The 'Side eye' is the facial response given to people, events, or actions that are silly and ridiculous. Side Eye Stories will summarize instances that we can't be bothered to write a long-form response to, but wanna express our skepticism towards. Without further ado, here are this week's picks:


The 2011 Nobel Prize in Literature was announced today. Three Africans were described by Abdourahman Waberi as having the best chances for a win (but of course we won't know the actual nominations for the next 50 years): Somalian novelist Nuruddin Farah, Kenyan novelist, essayist and activist Ngugi Wa Thiong’o, and Algerian novelist and filmmaker Assia Djebar. We had high hopes, but the Swedish poet, Tomas Tranströmer swooped in from left field and took home the honor. Dang. We were rooting for Ngugi.

Africa's former winners for the Nobel Literature Prize include Naguib Mahfouz, Nadine Gordimer, Wole Soyinka and J.M. Coetzee.

A ton more, after the jump.

 

What's good for the Kardashian's is good for the Mandela's?

Three of Nelson Mandela’s grown grandchildren announced on Sept. 29 that they plan on starring in a still-in-the-works reality TV series about their lives. The show will feature Swati Dlamini, 32, granddaughter of Winnie Madikizela-Mandela, Swati’s older sister Zaziwe Dlamini-Manaway, 34, and their cousin, Dorothy Adjoa Amua, 27.

Oh, just in case you haven't heard, Tata Madiba (Mandela’s Xhosa clan name) spent 27 years in prison fighting against apartheid and became the first black President of South Africa. Just FYI.

- Written by Okayafrica contributor Makho Ndlovu.

 

Is this really Robert Mugabe's bedroom? If so, nice threads dude.

These pics and more came from a blog that supposedly sells rich people's homes and mansions. Did you hear that under Zimbabwe's new "indigenization law" companies worth more than $500,000 would be required to sell 51% of their stakes to black Zimbabweans Mugabe and his cronies?

 


Check the girl at the 3 minute mark. She's so compelled by her desire to become a president someday that she's actually gonna go for it - noble intentions indeed. (Big thanks to Sean Jacobs at Africa is a Country for sharing this).

 

If you have side eye suggestions from around the internets, forward them to Swank at okayafrica@okayplayer.com

 

 

 


#EndSARS: 1 Year Later And It's Business As Usual For The Nigerian Government

Thousands filled the streets of Nigeria to remember those slain in The #LekkiTollGateMassacre...while the government insists it didn't happen.

This week marks 1 year since Nigerians began protests against police brutality and demanded an end to the Special Anti-Robbery Squad (SARS). The #EndSARS protests took the world by storm as we witnessed Nigerian forces abuse, harass and murder those fighting for a free nation. Reports of illegal detention, profiling, extortion, and extrajudicial killings followed the special task force's existence, forcing the government to demolish the unit on October 11th, 2020. However, protestors remained angered and desperate to be heard. It wasn't until October 20th, when soldiers opened fire on demonstrators at Lekki tollgate in the country's capital, Lagos, that the protests came to a fatal end. More than 56 deaths from across the country were reported, while hundreds more were traumatized as the Nigerian government continued to rule by force. The incident sparked global outrage as the Nigerian army refused to acknowledge or admit to firing shots at unarmed protesters in the dead of night.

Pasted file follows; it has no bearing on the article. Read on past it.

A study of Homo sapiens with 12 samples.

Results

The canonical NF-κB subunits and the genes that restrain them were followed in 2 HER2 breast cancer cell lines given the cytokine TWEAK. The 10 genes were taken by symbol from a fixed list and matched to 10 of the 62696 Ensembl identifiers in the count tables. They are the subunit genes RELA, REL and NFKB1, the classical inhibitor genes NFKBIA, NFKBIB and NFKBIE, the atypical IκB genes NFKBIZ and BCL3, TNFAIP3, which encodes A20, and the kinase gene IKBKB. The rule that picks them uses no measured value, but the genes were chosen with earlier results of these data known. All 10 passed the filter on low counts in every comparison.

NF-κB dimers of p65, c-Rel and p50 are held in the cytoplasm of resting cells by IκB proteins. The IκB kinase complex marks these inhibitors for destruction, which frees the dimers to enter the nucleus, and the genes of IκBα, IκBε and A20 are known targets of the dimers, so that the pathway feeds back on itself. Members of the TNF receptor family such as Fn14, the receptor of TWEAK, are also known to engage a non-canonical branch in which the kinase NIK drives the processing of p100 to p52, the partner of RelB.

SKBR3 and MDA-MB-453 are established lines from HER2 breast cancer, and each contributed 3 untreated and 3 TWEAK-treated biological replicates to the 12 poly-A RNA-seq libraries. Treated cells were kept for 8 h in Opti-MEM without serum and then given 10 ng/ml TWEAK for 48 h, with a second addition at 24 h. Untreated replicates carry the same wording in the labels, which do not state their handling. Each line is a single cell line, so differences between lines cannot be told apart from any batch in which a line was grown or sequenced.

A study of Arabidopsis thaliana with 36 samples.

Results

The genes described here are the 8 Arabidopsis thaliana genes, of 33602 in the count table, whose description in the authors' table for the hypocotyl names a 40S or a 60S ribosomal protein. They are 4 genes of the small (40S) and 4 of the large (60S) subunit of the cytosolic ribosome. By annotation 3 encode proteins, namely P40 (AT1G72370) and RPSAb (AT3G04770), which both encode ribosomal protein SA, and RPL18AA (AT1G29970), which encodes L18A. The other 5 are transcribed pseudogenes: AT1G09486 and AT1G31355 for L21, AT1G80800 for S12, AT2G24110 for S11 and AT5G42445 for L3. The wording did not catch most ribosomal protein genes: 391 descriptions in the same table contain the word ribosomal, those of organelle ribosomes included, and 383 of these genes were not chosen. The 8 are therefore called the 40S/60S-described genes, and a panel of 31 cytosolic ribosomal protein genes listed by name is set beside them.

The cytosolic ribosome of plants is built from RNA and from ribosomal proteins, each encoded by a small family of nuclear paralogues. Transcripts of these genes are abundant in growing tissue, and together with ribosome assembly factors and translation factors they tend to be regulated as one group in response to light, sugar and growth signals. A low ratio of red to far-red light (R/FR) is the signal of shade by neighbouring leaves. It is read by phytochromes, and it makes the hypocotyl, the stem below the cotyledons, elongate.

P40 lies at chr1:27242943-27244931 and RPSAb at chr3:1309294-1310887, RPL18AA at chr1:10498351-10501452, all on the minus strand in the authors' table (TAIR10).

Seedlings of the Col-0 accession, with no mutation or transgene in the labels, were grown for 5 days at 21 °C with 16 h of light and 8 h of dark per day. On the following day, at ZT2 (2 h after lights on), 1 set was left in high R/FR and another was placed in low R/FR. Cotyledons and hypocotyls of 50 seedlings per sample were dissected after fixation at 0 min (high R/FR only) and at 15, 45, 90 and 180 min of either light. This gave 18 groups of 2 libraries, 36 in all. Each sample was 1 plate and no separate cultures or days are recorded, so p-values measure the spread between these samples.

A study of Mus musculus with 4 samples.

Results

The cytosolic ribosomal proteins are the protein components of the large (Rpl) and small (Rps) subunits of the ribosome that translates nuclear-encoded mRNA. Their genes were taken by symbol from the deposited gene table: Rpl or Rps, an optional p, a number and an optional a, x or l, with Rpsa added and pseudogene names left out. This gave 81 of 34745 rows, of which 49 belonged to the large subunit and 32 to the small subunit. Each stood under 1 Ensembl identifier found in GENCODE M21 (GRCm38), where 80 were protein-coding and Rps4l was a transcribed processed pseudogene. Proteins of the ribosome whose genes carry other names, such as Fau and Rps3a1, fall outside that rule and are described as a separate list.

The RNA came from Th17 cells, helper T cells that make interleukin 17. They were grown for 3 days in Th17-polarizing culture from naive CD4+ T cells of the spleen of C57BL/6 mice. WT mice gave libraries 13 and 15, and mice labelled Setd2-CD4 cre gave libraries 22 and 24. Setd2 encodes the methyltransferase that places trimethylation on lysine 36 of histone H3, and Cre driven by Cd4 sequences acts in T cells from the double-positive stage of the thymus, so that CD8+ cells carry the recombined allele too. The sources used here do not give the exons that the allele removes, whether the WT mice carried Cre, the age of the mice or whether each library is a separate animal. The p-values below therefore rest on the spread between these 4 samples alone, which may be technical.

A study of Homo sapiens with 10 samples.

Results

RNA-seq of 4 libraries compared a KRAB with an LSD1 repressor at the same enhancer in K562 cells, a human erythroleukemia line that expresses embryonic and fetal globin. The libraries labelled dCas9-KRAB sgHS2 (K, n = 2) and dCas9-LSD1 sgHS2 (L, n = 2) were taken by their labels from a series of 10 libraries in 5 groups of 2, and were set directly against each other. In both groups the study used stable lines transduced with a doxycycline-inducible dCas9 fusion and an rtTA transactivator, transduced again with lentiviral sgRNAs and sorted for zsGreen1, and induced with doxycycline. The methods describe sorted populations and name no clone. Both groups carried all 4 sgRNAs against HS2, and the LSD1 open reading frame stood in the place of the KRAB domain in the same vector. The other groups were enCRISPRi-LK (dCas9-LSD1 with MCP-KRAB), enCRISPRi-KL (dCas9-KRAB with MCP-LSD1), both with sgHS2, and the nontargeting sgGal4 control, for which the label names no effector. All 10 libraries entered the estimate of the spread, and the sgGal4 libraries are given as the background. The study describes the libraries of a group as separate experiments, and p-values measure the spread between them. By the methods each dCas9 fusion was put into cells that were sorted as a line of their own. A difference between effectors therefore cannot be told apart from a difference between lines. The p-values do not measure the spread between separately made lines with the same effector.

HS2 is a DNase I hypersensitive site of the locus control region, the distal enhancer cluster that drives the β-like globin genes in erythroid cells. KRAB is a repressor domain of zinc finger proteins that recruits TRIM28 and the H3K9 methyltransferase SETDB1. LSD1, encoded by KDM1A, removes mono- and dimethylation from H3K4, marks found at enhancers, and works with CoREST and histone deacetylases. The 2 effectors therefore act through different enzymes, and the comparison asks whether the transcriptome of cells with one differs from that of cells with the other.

It's a year later, and nothing has changed.

Young Nigerians claim to still face unnecessary and violent interactions with the police and none of the demands towards systemic changes have been met. Fisayo Soyombo the founder of the Foundation for Investigative Journalism, told Al Jazeera, "Yes, there has not been any reform. Police brutality exists till today," while maintaining that his organization has reported "scores" of cases of police brutality over this past year.

During October 2020's protests, Nigerian authorities turned a blind eye and insisted that the youth-led movement was anti-government and intended to overthrow the administration of current President Muhammadu Buhari. During a press conference on Wednesday, in an attempt to discredit the protests, Minister of Information and Culture Lai Mohammed hailed the Nigerian army and police forces for the role they played in the #EndSARS protests, going as far as to say that the Lekki Toll Massacre was a "phantom massacre with no bodies." These brazen claims came while protesters continued to gather in several major cities across the country. The minister even went on to shame CNN, Nigerian favorite DJ Switch as well as Amnesty International, for reporting deaths at Lekki. Mohammed pushed even further by saying, "The six soldiers and 37 policemen who died during the EndSARS protests are human beings with families, even though the human rights organizations and CNN simply ignored their deaths, choosing instead to trumpet a phantom massacre."

With the reports of abuse still coming out of the West African nation, an end to the struggle is not in sight. During Wednesday's protest, a journalist for the Daily Post was detained by Nigerian forces while covering the demonstrations.

According to the BBC, additional police units have been set up in the place of SARS, though some resurfacing SARS officers and allies claim to still be around.

Young Nigerians relied heavily on social media during the protests and returned this year to voice their opinions around the first anniversary of an experience that few will be lucky enough to forget.